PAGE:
Lawrence Cunningham

Cunningham's belief in value investing led him to Warren Buffett, about whom he's written widely. (Photo by Suzi Camarata)

Tragedy, good fortune inform Cunningham's scholarship

Professor Lawrence Cunningham is a prolific, successful author, an internationally recognized authority on accounting, finance, and corporate governance, and a teacher with a flair for animating the dry bones of corporate case law.

But Cunningham would have achieved none of this, he insists, had it not been for the defining tragedy of his childhood. His “ordinary, suburban, middle-class family life” in Wilmington, Delaware, imploded after his father died prematurely, leaving behind five children and no life insurance.

This family catastrophe changed the course of his life, says Cunningham, forty-one, whose warmly energetic, boyish manner contrasts with the hard times he recalls. His mother’s stoicism in the face of tragedy, sustained by her devout Catholic faith, left her youngest son with an indelible example of “grace under pressure.”

At thirteen, Cunningham was enrolled at Girard College in Philadelphia, a boarding school founded in 1848 to “take poor people and give them a leg up.” Girard College gave Cunningham two gifts that were pivotal to his development: a rigorously practical humanist education and a hero and role model in the school’s founder, Stephen Girard, a French immigrant orphan who rose from cabin boy to shipping magnate and amassed one of the greatest fortunes in America by the time of his death in 1831.

Later, while studying economics at the University of Delaware, Cunningham worked as a legal assistant in the Wilmington law firm of Skadden, Arps, Slate, Meagher & Flom. There, he first scouted the territory he has colonized over the last decade: the intersection of business and the law. As a bit player in Moran v. Household International, Inc., which Cunningham calls “one of the most important corporate law cases of the last thirty years,” he saw first hand the potency of the law to shape corporate practice and define corporate power.

Cunningham never seriously considered any career other than law. After graduating from Cardozo Law School and practicing as a corporate lawyer in New York for four years, he returned to Cardozo with a post on the faculty. “Teaching has an acting dimension that I embrace,” says Cunningham, who dramatizes scenes of boardroom conflict to remind his students that cases are, in the end, about “people making mistakes and fooling themselves.”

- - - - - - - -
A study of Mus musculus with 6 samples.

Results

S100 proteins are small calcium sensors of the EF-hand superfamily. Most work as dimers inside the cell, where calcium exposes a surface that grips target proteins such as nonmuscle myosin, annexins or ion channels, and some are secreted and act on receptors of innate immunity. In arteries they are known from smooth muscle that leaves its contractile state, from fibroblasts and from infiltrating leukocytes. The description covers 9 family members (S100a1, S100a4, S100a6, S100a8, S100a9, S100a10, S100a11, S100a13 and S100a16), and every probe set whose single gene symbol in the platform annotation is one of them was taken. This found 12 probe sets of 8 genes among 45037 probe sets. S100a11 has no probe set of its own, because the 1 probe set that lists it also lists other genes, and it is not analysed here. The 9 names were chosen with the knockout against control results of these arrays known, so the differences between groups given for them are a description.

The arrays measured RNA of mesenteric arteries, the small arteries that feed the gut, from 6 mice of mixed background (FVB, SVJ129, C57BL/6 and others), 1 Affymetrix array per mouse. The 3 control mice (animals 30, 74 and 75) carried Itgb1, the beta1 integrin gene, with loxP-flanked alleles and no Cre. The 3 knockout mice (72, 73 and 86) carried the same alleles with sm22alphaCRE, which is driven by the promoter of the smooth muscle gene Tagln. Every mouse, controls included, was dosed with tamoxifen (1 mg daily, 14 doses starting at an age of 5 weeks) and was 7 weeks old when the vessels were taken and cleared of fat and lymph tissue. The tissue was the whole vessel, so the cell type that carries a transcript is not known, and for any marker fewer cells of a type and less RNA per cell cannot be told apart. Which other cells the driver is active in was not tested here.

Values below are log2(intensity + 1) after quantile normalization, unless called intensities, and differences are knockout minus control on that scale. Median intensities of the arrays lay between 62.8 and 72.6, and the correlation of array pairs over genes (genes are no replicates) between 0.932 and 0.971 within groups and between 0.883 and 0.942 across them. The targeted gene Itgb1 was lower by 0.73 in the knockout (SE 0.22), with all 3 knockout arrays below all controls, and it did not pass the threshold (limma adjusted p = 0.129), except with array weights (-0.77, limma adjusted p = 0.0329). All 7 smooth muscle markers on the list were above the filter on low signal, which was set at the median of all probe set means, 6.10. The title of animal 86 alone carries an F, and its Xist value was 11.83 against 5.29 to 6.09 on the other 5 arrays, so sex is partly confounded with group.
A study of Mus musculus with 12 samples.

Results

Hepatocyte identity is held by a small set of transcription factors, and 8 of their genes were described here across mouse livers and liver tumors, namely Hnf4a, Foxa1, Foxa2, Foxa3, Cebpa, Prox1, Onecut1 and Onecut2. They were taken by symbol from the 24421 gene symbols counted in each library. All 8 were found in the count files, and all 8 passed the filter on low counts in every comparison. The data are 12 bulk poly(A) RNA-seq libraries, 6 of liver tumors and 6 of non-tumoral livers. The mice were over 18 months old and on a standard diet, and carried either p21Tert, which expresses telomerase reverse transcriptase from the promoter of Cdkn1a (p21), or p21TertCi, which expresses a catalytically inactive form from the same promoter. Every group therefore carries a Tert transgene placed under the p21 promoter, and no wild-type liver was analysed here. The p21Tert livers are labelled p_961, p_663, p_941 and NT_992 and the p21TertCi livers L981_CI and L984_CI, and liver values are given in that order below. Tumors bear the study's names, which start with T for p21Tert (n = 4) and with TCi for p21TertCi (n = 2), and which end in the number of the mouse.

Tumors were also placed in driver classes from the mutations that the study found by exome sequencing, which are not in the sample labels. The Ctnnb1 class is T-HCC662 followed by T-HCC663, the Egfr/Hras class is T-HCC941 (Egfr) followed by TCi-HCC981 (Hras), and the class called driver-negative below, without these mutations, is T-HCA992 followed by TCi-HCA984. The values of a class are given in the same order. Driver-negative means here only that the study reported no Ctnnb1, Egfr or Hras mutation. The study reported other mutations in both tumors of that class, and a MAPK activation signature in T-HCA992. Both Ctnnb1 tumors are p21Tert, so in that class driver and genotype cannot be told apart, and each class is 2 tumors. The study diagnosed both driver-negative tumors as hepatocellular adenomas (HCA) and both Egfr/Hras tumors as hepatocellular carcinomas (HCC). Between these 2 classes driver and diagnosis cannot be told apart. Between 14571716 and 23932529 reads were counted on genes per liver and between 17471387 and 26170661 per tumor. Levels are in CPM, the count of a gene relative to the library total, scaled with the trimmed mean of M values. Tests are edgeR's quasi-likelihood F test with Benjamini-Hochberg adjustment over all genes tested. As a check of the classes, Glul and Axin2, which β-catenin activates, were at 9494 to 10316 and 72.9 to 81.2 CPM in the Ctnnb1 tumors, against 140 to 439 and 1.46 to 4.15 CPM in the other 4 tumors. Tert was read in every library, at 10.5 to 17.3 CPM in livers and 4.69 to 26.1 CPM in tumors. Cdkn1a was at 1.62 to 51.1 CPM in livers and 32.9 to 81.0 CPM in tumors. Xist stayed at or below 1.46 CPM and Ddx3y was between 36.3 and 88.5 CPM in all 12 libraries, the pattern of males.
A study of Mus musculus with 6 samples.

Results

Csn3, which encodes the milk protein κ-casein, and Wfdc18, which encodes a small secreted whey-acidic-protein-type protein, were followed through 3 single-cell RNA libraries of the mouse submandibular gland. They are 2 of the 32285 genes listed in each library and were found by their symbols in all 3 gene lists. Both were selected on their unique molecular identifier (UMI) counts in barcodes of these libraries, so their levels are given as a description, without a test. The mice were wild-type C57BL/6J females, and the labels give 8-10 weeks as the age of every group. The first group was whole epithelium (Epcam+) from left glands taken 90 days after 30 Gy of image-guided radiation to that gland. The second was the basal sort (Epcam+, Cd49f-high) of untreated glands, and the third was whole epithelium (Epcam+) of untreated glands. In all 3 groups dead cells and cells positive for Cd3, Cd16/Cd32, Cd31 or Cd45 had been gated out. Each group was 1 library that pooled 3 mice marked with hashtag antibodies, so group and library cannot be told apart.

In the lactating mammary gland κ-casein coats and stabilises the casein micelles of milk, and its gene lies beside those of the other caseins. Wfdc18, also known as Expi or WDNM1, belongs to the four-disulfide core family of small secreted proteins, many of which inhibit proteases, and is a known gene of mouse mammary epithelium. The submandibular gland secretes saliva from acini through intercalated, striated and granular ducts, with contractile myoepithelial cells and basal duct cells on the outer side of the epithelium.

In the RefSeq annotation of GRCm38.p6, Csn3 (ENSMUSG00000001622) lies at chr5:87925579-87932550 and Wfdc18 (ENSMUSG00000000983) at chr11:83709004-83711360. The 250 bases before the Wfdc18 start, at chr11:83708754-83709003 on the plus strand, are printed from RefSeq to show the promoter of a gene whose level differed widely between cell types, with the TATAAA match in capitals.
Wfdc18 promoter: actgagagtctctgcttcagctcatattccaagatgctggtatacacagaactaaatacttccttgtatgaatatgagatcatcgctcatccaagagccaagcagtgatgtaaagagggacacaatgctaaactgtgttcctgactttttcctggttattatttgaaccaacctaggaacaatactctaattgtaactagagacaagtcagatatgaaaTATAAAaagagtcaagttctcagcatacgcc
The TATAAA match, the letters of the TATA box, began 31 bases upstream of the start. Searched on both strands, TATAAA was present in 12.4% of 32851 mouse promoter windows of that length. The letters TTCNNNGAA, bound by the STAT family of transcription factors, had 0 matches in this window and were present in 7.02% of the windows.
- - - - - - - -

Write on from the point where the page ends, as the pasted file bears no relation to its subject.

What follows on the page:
Another arena for folly on a grand scale, the stock market, has provided Cunningham with a mother lode of material. Following the publication of his bestselling selection of The Essays of Warren Buffett: Lessons for Corporate America (1997), Cunningham has become an evangelist for the neglected traditional theory of “value investing,” as practiced with spectacular success by Buffett.

Since meeting Buffett at the 1976 law review symposium at Cardozo, which Cunningham organized to introduce Buffett’s theories to an audience of lawyers, Cunningham has corresponded with him and attended his annual meetings at Berkshire Hathaway. “He’s a salt-of-the-earth, sensible, fair, honest, fallible person,” Cunningham says of one of the legends of twentieth-century investing.

Even the author of How to Think Like Benjamin Graham and Invest Like Warren Buffet (2001) and Outsmarting the Smart Money (2002) admits to “one dumb investment.” In defiance of all the principles of value investing, including rational estimates of future cash flow and thick safety margins, Cunningham bought 100 shares in in 1998. “I had no business buying that stock. It had no track record, it was highly speculative,” he laughs. The fact that the stock has significantly risen, he says, jabbing the table for emphasis, in no way affects the stupidity of the decision to buy. Unlike the majority of investors, Cunningham does not believe in justification by hindsight.

Stephen Girard built his fortune not by hoping and wishing and following hunches, but by relentless attention to “facts and things.” In his writing and teaching, Cunningham distills the same practical wisdom for a new generation of students, colleagues, and investors. Girard would be proud.